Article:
Cooper Roberts, 8, Highland Park parade shooting victim, ‘continues to fight as hard as he can’
“Please keep sending love and prayers to my son as he continues to fight as hard as he can,” Cooper’s mother, Keely Roberts, said Friday. “The family is very grateful for the outpouring of support and well wishes.”
His spinal cord severed by the Highland Park Fourth of July parade gunman’s bullets, Cooper Roberts, 8, “continues to fight as hard as he can” but remains in critical condition after his latest surgery.
“His situation post recent surgery remains very critical,” the Roberts family said in a written statement Friday.
Cooper, paralyzed from the waist down as a result of the mass shooting that claimed seven lives, on Wednesday underwent his seventh surgery, this one to repair his torn esophagus.
Thursday morning, he showed some signs of improvement, according to his family, including having a normal body temperature.
But his fever spiked later Thursday to 104 degrees, and doctors at the University of Chicago’s Comer Children’s Hospital have detected fluid in his esophagus, lungs and pelvis.
And Cooper is back on a ventilator to help him breathe.
“Please keep sending love and prayers to my son as he continues to fight as hard as he can,” Cooper’s mother, Keely Roberts, said in the statement. “The family is very grateful for the outpouring of support and well wishes and asks for continued prayers for Cooper’s healing.”
As of Friday, an account set up by family friends had raised more than $1.5 million through GoFundMe to pay for Cooper’s treatment.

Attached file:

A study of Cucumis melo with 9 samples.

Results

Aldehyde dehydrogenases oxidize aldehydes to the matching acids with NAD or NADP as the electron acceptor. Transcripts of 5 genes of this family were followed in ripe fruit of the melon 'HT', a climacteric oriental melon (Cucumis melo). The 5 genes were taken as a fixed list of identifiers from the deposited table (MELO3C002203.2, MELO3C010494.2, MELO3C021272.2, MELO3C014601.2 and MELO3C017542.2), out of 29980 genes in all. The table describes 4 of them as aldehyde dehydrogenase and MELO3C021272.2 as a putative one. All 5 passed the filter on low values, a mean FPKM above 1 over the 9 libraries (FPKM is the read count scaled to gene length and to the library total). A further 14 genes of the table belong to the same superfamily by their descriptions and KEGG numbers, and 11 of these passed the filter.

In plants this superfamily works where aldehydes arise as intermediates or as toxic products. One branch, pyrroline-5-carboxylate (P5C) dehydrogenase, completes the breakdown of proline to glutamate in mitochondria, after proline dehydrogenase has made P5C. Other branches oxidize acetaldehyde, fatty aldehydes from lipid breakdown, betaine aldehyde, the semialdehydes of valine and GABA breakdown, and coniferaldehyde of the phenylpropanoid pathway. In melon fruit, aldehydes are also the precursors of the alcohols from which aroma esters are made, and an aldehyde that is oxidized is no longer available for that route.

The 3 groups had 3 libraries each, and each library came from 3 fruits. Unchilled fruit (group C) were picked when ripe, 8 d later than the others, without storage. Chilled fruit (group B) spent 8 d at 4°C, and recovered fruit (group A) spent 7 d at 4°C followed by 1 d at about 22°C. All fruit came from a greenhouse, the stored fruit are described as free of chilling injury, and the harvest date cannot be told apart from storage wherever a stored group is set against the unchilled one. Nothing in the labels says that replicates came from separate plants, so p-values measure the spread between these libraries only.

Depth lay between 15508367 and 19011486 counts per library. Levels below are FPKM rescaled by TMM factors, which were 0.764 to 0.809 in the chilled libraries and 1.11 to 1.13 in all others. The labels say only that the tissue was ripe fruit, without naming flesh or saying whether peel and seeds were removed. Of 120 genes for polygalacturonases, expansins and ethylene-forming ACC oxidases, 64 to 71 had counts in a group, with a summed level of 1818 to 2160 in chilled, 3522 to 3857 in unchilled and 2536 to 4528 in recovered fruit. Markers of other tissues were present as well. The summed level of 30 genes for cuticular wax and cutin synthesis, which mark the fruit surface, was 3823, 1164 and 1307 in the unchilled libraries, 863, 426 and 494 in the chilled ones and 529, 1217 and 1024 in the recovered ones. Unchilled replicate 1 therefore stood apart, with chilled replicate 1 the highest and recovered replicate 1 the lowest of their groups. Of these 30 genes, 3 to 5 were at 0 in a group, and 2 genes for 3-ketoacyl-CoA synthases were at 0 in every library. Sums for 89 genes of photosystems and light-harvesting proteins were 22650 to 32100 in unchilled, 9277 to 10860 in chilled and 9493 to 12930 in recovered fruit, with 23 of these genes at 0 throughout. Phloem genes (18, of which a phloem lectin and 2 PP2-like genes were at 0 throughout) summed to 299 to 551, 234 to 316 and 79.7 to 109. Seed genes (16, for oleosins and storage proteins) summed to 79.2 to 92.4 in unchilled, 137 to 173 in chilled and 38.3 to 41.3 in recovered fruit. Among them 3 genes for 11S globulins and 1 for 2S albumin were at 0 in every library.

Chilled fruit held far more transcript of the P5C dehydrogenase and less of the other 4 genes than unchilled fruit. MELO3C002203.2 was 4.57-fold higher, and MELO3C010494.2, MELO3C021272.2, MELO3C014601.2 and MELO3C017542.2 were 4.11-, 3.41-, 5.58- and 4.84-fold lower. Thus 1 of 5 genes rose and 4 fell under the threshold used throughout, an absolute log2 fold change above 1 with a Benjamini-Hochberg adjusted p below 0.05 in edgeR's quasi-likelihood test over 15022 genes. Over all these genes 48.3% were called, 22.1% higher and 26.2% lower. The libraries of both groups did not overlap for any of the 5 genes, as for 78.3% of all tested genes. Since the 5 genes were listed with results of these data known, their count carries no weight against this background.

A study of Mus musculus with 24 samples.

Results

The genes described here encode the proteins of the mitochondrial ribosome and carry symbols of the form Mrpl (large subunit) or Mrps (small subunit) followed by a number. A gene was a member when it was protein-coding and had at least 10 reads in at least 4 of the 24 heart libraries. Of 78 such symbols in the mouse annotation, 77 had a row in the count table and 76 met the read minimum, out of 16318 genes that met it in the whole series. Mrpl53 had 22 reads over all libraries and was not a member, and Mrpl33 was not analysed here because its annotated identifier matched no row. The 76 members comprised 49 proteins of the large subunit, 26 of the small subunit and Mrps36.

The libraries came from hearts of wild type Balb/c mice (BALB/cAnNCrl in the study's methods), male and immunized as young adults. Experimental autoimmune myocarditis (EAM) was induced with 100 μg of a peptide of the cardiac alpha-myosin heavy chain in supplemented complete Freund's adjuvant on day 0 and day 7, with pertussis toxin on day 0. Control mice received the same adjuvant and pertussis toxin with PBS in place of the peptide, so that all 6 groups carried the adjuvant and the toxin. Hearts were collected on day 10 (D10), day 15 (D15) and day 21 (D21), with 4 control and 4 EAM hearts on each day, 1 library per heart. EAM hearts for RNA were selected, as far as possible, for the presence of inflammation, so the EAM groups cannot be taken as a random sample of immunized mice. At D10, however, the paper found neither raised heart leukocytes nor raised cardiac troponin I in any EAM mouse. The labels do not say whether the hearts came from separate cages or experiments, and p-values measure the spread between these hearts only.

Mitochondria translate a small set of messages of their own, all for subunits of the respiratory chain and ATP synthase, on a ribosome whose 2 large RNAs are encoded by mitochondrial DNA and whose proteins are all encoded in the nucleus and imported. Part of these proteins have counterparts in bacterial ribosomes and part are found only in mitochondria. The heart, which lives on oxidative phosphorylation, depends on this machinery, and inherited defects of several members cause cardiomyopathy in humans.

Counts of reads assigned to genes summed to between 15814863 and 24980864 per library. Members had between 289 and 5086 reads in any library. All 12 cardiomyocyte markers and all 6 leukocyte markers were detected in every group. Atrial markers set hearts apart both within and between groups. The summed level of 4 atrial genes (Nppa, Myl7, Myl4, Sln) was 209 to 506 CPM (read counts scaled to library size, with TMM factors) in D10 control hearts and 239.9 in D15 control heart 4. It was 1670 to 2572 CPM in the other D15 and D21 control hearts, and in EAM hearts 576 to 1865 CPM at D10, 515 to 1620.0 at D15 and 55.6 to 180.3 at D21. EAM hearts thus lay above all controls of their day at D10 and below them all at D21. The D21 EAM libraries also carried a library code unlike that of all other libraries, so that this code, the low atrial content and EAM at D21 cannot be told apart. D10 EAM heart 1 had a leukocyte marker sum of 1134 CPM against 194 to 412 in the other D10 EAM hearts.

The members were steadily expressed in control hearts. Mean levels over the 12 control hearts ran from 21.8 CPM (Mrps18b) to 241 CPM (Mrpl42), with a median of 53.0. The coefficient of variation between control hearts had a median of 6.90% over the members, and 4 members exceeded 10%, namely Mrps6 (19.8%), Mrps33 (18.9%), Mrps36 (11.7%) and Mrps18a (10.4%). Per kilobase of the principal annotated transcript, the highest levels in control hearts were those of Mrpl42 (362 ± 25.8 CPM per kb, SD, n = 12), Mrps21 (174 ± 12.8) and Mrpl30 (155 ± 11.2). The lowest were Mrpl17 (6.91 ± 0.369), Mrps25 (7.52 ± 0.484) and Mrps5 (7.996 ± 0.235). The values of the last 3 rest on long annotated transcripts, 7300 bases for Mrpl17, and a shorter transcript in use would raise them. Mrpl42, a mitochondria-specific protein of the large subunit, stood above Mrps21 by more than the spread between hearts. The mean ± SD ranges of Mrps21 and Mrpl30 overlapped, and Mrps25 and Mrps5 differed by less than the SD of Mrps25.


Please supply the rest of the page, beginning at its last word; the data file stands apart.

Cooper, his mother and his twin brother, Luke, all were among the dozens of people shot at the Fourth of July parade. Keely Roberts, who is superintendent of Zion Elementary School District 6, needed operations for foot and leg injuries. And Luke suffered shrapnel wounds to a leg.
Robert E. Crimo III, 21, who faces murder charges in the killings, is accused of firing down on the parade crowd from a rooftop with a military-style Smith & Wesson M&P15 semi-automatic rifle.
Cooper’s family has said a bullet entered his abdomen and tore into his liver, abdominal aorta and esophagus.
Neither his doctors nor the hospital has discussed his treatment or condition, with updates on the boy’s condition made through a public relations firm working with the family.
It says that anyone wanting to write to offer well wishes to Cooper and his family can do so through this address: Zion Elementary School District 6, 2800 29th St., Zion, IL 60099.
Brett Chase’s reporting on the environment and public health is made possible by a grant from The Chicago Community Trust.